Hundreds of patients have raised concerns about their dealings with hospitals, long-term care facilities and home care over the past year, Ontario's patient ombudsman's office says in a new report to be released Tuesday. 

Ford government hasn't filled patient ombudsman post since taking office in June 2018

The office of Ontario's patient ombudsman received more than 2,400 complaints last year, its third year in operation. (Evan Mitsui/CBC)

Hundreds of patients have raised concerns about their dealings with hospitals, long-term care facilities and home care over the past year, Ontario's patient ombudsman's office says in a new report to be released Tuesday. 

The report, obtained by CBC News ahead of its release, describes trends in complaints to the fledgling patient ombudsman office over the past year. 

Communication breakdowns in the health sector are a theme, the report says. That includes such things as patients getting inadequate information about their discharge from hospital or getting conflicting information about obtaining a long-term care spot.

Another trend in complaints revealed in the report is access to care, such as limited availability of mental health and addictions services and a lack of consistent home care.

The report pins some of the blame for the home-care complaints on what it calls "a system-level shortage of personal support workers," and says provincial funding is key to a solution.

Christine Elliott was appointed by the Liberal government in 2015 to be the province's first patient ombudsman, but then quit to run for the Progressive Conservatives in 2018. The Ford government has left the post vacant since it took office. (Evan Mitsui/CBC)
 

"Patients and caregivers often reported that they had no notice that services would not be available on a given day and they were left on their own to put contingency plans in place," says the report. 

The Ford government said last week it is developing a strategy to address Ontario's shortage of personal support workers  

The patient ombudsman's office received more than 2,400 complaints last year, its third year in operation. Only 653 came in written form, a requirement before the office will launch a probe toward resolving the complaint.

For the past two years, the post of patient ombudsman has been vacant. It was held by Christine Elliott, the first person appointed to the job after its creation in 2015 by Kathleen Wynne's Liberal government.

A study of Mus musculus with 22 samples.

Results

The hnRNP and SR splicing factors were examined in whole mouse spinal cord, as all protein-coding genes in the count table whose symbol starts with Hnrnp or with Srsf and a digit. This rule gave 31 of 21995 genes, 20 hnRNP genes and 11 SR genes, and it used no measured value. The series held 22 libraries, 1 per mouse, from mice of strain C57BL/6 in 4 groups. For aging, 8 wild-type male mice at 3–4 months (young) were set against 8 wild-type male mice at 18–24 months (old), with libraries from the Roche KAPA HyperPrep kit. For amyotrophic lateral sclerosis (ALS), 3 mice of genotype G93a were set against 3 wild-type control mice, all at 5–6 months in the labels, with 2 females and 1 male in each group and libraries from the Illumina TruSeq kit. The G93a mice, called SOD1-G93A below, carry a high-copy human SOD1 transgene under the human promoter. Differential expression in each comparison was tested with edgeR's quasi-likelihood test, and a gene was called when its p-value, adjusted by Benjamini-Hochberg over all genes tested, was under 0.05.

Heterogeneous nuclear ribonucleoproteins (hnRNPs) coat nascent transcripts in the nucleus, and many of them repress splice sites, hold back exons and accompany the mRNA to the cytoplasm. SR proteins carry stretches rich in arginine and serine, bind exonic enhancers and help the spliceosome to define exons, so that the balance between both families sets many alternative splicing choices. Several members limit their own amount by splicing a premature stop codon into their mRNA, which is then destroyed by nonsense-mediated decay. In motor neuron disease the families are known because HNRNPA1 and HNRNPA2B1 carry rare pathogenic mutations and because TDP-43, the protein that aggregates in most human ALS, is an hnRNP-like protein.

Elliott quit in 2018 to run for the Progressive Conservatives and is now health minister. The government only began recruiting for a new patient ombudsman last month. 

'Miscommunication, lack of communication and communication breakdowns continue to be significant factors underlying the vast majority of complaints received,' says a new report by the office of Ontario's patient ombudsman. (Evan Mitsui/CBC)

In the meantime the ombudsman's staff have been running the show, filtering through complaints from patients and taking up their concerns with health-care agencies. 

The patient ombudsman mandate is to investigate and resolve complaints about action or inaction that affect the patient experience with hospitals, long-term care homes and publicly funded community care agencies.  

It does not investigate concerns about clinical treatment decisions by physicians, nurses or other regulated health workers, as those are handled by their professional oversight bodies. 

The report comes as the Ford government embarks on a significant reorganization of the health-care system, while struggling to keep its promise to end hallway medicine

The patient ombudsman's office received more than 260 complaints last year about access to mental health and addiction services.

"Many of these complaints were from patients and caregivers who experienced delays or a lack of specialized services in their communities," says the report. 

The report also raises concern about the profile of the patient ombudsman among Ontario patients and their family members.

"We often hear that people are not aware of the help we can offer when they have problems with their healthcare," says the report.